The American criminal justice system is based on the idea that guilt must be proven, and that until it is, anyone charged with a crime is innocent. That’s the theory, anyway. In reality, those involved in criminal trials often have personal biases, preconceived notions, and limited access to pertinent evidence.

When you’re facing a criminal charge, you most likely want to take whatever steps are necessary to defend your innocence, including hiring a defense attorney and complying with the regulations of the court. What you don’t want to do is confess-especially if you didn’t commit the crime in the first place.

Offering a false confession may seem like the rare behavior of a deranged or deluded individual, but in reality it’s fairly common. As DNA exonerations become more frequent in cases where the suspect confessed, groups like AlterNet.org and the Innocence Project are beginning to investigate.

Before exploring the findings of various studies, let’s take a moment to note some high-profile false confessions. In the 1989 case of the Central Park Jogger, five men falsely confessed to charges of rape and murder. In 2002, they were released from prison when new confessions and DNA evidence exonerated them.

In cases of celebrity crimes, like the Lindbergh Kidnapping and the murder of the Black Dahlia, dozens of people came forward claiming culpability. And, more recently, Senator Larry Craig has claimed he accidentally pled guilty to charges.

Reports from AlterNet.org indicate that, among the DNA exonerations investigated, false confessions led to conviction in about 25% of cases. That means that, after witness misidentification, false confession is a leading cause of wrongful convictions, according to the study.

If you didn’t do it, why confess?

There are a few reasons. Sometimes, according to experts’ reported opinions, people confess to protect someone. Sometimes, they’re trying to punish themselves for past wrongdoing. Sometimes they crave fame. But sometimes, police questioning tactics are to blame.

Reports show that the average time of police questioning is one to two hours. The average time of questioning that yields a false conviction? Sixteen and a half.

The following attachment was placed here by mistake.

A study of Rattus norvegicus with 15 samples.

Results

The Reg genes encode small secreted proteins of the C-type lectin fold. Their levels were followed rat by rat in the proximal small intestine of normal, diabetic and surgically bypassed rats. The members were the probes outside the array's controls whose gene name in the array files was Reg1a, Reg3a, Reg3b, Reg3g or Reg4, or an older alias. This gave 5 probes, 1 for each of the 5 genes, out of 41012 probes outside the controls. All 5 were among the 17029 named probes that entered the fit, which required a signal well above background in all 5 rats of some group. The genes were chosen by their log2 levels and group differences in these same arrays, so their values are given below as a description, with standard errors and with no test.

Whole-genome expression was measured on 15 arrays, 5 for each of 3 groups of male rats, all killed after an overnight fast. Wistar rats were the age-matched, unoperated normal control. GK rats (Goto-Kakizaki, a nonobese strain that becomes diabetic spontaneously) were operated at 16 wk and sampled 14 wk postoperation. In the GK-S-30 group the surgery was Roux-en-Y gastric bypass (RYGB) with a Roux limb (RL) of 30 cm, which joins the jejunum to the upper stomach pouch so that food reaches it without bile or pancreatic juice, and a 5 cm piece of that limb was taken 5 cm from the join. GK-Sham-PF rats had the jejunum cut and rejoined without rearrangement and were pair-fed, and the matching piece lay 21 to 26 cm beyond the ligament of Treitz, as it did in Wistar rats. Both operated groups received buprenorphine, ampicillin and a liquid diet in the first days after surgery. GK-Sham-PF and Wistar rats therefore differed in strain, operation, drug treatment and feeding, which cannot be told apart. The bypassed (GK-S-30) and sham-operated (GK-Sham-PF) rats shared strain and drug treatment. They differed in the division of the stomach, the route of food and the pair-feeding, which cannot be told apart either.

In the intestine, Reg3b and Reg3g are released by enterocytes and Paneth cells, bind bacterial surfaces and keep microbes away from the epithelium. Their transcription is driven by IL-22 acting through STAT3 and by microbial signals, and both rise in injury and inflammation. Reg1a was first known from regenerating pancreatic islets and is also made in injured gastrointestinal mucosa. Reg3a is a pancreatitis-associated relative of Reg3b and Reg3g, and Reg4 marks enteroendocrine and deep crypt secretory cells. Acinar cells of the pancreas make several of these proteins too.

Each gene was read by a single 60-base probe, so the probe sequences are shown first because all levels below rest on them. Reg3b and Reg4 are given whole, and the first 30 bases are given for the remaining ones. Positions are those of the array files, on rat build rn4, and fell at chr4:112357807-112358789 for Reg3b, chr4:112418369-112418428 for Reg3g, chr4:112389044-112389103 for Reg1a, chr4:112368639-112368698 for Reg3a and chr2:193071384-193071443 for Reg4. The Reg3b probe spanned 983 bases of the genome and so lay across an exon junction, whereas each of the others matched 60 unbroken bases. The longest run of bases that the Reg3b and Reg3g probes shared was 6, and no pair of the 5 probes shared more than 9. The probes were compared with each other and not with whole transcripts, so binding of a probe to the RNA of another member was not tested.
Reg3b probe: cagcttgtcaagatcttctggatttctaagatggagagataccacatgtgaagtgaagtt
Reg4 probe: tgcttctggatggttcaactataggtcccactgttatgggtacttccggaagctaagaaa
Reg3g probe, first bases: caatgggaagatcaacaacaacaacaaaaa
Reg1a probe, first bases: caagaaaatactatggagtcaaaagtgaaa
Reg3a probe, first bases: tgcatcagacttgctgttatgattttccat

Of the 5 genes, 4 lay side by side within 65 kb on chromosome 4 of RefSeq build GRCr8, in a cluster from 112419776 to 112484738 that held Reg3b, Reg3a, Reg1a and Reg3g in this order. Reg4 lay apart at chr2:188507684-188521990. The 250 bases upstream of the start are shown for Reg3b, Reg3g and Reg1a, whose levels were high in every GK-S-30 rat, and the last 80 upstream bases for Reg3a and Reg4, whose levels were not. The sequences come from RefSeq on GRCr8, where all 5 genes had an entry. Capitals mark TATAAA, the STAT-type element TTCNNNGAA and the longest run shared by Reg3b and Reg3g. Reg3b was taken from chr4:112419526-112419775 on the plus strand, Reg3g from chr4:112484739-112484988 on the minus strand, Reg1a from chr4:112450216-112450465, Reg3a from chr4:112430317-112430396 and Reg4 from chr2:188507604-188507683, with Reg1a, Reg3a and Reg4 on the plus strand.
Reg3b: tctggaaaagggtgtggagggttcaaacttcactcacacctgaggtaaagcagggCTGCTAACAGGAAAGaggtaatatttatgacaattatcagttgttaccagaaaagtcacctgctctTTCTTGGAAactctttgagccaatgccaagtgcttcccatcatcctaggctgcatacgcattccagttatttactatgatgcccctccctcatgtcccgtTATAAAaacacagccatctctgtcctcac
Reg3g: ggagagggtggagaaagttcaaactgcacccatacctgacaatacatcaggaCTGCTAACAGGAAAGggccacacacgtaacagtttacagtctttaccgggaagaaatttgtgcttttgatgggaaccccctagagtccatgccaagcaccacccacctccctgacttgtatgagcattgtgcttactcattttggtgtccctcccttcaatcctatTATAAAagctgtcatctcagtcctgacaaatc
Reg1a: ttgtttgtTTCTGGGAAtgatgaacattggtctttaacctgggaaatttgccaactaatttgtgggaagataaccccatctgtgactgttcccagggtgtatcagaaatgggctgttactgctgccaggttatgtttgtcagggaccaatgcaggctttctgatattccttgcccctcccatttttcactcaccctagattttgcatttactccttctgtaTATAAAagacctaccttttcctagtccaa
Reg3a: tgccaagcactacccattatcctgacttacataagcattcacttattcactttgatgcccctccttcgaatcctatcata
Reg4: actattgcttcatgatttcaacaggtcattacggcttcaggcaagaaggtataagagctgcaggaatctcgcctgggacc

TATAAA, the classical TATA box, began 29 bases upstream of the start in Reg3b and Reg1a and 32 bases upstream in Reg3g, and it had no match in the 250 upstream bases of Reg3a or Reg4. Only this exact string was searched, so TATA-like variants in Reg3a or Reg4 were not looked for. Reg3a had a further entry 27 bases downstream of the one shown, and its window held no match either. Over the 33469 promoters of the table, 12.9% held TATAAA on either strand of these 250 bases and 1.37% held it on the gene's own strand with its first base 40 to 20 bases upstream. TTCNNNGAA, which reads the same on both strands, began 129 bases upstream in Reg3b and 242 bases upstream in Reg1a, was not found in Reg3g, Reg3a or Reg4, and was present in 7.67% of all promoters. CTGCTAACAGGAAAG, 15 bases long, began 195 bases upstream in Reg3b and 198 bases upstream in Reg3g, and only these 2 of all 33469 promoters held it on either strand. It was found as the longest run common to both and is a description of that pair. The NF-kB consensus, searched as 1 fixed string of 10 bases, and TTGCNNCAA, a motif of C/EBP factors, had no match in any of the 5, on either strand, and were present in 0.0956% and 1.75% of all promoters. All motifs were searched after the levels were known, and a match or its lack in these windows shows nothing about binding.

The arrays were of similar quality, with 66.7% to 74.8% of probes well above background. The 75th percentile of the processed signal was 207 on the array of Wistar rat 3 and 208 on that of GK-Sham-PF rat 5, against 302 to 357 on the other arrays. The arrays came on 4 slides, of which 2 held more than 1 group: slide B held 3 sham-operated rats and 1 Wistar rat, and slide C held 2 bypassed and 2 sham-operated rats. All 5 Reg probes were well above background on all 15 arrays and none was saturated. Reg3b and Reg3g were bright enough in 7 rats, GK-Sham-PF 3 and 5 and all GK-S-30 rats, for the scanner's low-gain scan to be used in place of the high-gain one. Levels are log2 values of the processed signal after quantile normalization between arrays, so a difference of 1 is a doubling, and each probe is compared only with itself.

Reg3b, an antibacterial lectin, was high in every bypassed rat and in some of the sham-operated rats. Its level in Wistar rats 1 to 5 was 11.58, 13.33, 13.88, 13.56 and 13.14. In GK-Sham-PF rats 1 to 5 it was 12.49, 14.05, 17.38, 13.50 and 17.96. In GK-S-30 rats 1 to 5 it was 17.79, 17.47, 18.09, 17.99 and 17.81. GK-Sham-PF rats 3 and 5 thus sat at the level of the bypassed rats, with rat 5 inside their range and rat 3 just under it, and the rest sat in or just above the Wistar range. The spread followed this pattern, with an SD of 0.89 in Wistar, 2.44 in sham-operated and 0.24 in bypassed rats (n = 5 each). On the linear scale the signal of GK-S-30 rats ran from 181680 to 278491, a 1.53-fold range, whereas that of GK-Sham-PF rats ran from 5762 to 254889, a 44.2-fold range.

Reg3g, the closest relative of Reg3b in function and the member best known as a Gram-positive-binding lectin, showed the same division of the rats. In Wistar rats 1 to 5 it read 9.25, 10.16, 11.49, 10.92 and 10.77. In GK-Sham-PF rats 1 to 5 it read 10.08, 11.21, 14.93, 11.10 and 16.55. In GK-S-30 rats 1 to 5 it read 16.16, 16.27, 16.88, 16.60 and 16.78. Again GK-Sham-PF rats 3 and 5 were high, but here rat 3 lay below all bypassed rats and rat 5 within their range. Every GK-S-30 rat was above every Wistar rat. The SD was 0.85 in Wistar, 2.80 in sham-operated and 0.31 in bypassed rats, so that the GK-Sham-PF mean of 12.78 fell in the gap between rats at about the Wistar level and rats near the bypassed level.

In this time, studies suggest, police use manipulation, threats, misinformation (such as lying about the results of a polygraph), and even psychological torture. For those susceptible to the influence of others, these tactics can cause suspects to crack under strain and confess to crimes they never committed, according to sources.

In extreme cases, AlterNet reports, innocent people internalize the idea of guilt and actually believe they committed a crime.

And once a confession is videotaped, the confessor is as good as convicted. Even in the case of Christopher Ochoa, who agreed to confess after hours of aggressive police questioning-but couldn’t get the details of the crime he allegedly committed right. Even though he was obviously innocent, police presented his confession to a jury, sources say.

What’s being done?

In the early 20th century, laws existed that disallowed any confessions that had been obtained by beating or otherwise tormenting a suspect. Then, in 1991, a case introduced the “harmless error rule,” which meant that confessions obtained under questionable circumstances could be admitted if there was enough supplementary evidence proving guilt.

Many see this ruling as a step backwards for criminal justice.

In some states, according to reports, steps are being taken to ensure fair questioning procedures. Some police are required to videotape entire investigations instead of just confessions. This measure is meant to prevent overly-aggressive techniques.